Directed by Lyndsey Turner
In an ideal world, I would review Double Feature 1
first, and Double Feature 2
second – I’m sure you’ll agree with my exemplary logic. This was the original intention, as I was booked to see Double Feature 1
in mid-July, and I only saw Double Feature 2
last week. Our plan was to then release the reviews for all four plays at once. Sadly, this plan was thwarted by the fact that yours truly was called away at the last minute to spend an evening on a boat before sailing around the Solent for the day in the pouring rain. It was, in a word, dreadful. This bares no relevance to the review, I just wanted to justify why our reviewing pattern is somewhat illogical. Rest assured that we will review Double Feature 1
as soon as possible!
Anyway, the National
is having such success with London Road
in the Cottesloe that it decided to convert its set construction workshop into a make-shift performance space, creating ‘The Paintframe’. The two sets of Double Features contain between them four pieces of new writing, all staged in what has turned into a marvellous performance space, complete with a bar surrounded by construction tools and a moveable make-shift technical box. It is a superb space, and to be honest regardless of the reviews it is worth booking your (cheap!) tickets just to get a chance to have a look at this superb example of pop-up performance venues. As a consequence of this excitement, I was already in a good mood before we took our seats on the reasonably uncomfortable benches for the first performance, a forty-minute one-woman show called Nightwatchman
Nightwatchman follows the journey of Abirami, a Salford girl and a Tamil who immigrated with her family to England from Sri Lanka in the mid-1980s during the Sri Lankan Civil War. Thirty years later, Abirami is an international cricketer playing for England, and the play is set in the nets as she practices for the following day’s match against Sri Lanka, with just Merlin (an automatic bowling unit) for company. From the outset, I loved this production. Stephanie Street delivers a stunning performance as the feisty Abirami, blending the mouthy Salford cricketer with the troubled Tamil perfectly. Her performance is comical at times, and deeply emotional at others, and I was gripped from the opening moment by the whole thing. To add to her exceptional performance are some brilliantly simple and beautifully choreographed effects as she smacks Merlin’s imaginary balls all over the auditorium, knocking lights and tools off the walls of the Paintframe. And as if all of that wasn’t enough, the play takes an unexpected turn to deliver a dose of good old English patriotism at the end. As the final blackout came I was beaming from ear to ear with a lump in my throat. A superb production, do not miss it (but I suggest you briefly brush up on post-1980 Sri Lankan history before you go)!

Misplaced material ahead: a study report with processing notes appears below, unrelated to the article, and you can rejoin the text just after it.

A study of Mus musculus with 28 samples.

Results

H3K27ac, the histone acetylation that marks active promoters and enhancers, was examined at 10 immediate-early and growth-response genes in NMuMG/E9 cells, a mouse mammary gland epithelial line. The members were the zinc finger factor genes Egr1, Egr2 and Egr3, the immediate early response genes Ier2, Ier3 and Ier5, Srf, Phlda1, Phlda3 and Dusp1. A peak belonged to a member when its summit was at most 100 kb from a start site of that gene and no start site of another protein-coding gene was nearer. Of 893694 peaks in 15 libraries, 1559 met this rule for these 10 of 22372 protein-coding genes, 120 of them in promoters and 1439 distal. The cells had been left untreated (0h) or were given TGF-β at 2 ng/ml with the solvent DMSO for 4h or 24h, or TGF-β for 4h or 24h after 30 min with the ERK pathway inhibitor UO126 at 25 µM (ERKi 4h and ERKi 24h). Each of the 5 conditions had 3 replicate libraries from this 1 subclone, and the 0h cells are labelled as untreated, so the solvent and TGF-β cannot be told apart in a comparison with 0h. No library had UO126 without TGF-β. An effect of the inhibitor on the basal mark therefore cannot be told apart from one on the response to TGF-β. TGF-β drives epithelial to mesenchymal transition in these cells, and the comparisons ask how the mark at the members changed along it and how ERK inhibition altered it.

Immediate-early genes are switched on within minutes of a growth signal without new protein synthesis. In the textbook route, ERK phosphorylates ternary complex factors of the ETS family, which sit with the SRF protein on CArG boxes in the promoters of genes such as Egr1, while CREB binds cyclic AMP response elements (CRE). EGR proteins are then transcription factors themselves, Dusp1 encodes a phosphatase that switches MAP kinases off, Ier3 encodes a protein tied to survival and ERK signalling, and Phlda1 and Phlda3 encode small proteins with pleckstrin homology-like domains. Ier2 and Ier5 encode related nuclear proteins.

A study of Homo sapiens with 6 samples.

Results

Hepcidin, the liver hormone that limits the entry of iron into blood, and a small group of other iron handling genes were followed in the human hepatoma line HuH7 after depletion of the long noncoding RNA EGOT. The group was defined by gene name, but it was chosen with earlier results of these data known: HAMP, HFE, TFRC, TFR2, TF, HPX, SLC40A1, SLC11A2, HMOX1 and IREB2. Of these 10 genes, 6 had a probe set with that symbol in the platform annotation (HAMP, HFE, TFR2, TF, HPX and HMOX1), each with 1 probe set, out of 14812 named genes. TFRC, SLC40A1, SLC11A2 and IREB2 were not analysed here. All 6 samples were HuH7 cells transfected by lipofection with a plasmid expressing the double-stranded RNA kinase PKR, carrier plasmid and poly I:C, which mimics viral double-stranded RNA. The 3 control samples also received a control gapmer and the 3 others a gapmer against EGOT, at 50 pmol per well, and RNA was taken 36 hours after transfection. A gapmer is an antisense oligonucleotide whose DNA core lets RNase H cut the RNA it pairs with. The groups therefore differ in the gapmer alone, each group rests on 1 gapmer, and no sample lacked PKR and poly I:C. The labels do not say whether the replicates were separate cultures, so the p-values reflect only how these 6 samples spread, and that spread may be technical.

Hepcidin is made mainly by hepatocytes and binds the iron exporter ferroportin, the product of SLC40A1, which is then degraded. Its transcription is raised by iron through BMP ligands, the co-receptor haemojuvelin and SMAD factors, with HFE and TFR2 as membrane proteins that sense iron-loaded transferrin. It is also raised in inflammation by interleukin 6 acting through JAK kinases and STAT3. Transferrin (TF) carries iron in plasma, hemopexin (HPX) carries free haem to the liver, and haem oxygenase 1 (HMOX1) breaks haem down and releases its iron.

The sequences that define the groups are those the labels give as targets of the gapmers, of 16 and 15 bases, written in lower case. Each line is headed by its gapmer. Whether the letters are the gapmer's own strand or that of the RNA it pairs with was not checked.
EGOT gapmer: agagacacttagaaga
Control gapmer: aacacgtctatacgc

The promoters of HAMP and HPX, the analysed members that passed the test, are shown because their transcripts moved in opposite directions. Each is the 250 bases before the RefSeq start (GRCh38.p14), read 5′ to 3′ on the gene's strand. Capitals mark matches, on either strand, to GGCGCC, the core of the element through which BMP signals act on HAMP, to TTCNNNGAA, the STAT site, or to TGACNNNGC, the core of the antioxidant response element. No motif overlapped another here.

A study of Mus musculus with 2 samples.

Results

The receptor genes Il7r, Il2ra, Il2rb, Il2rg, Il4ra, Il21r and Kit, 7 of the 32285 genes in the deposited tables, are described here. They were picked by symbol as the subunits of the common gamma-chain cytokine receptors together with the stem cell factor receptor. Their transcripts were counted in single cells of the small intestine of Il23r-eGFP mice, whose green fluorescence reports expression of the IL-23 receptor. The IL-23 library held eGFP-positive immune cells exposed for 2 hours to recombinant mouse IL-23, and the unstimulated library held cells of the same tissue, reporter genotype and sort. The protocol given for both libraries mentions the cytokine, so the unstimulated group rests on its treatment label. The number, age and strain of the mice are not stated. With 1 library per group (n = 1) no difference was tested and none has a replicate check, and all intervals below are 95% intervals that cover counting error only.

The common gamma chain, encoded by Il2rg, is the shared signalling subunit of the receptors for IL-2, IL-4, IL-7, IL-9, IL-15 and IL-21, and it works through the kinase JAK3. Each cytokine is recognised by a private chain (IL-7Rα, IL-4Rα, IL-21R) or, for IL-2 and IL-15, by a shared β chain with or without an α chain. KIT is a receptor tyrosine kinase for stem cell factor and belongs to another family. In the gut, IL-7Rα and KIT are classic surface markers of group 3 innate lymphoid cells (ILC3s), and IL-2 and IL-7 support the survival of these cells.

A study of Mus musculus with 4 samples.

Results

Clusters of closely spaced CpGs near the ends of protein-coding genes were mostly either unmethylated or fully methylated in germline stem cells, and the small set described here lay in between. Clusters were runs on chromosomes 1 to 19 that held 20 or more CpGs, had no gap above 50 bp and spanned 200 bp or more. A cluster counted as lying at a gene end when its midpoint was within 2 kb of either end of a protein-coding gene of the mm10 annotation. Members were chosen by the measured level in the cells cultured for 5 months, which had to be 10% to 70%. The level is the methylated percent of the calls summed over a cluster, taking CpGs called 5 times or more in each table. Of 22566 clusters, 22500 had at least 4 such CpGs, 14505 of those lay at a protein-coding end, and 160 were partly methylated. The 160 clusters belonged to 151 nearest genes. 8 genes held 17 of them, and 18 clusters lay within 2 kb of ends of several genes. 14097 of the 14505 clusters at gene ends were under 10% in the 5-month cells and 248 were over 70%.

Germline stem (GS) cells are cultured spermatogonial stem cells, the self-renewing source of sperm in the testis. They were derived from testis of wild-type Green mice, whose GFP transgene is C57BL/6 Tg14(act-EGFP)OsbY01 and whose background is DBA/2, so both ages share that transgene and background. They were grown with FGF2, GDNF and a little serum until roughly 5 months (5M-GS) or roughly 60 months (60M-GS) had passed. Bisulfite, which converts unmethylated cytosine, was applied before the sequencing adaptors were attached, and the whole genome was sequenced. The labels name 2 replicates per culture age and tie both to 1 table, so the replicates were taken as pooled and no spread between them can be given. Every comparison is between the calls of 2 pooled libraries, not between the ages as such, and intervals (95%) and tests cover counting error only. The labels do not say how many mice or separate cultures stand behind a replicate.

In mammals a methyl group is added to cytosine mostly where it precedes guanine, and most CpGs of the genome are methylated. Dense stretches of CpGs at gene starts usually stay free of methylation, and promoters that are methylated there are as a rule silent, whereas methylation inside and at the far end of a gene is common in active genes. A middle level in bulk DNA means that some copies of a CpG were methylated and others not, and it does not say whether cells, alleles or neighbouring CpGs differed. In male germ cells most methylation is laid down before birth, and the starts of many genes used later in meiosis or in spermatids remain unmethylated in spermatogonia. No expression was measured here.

After the interval I eagerly took my seat for the second production, There is A War. This show was completely different, with a large cast and running at around seventy minutes. Despite a dramatic start including wind, confetti and loudspeakers, it took me a little longer to engage with this show, mostly because I was trying to work out what on earth was happening! The piece is part satire, part absurdism and part comedy. Set in a dystopian world, it tracks a war between the ‘blues’ and the ‘greys’ where the participants commonly mistake each other and where nobody seems to know who is winning or what they are fighting about. Meanwhile the Generals use inanimate office objects to plot strategies on a map with their close friends based on nothing in particular. The piece is very entertaining, and the use of the space is fantastic – Soutra Gilmour’s Borrowers-style set design is simple yet hugely effective. There are also some strong performances, particularly from Phoebe Fox as the protagonist Doctor Anne, and from Tom Basden himself as an under-qualified General. There is certainly a point to the production, which is based on the almost absurd nature of war in real life, but it took me a while to get it. Despite this, I again left the auditorium with a broad smile on my face.
Double Feature 2 is a triumph. It was one of the most enjoyable evenings I have ever spent in a theatre, and it was a classic example of how it is more than just the performances that make the evening memorable. Everything came together to make it just a great experience: the space, the shows, the performances and the holistic feel of the evening. It had an Edinburgh Fringe-esque feel to it, but with the quality and resources of the National behind it. Don’t miss this truly memorable occasion.
Please feel free to leave your thoughts in the comments section below!
Double Feature 2 runs at the National Theatre until 10th September 2011.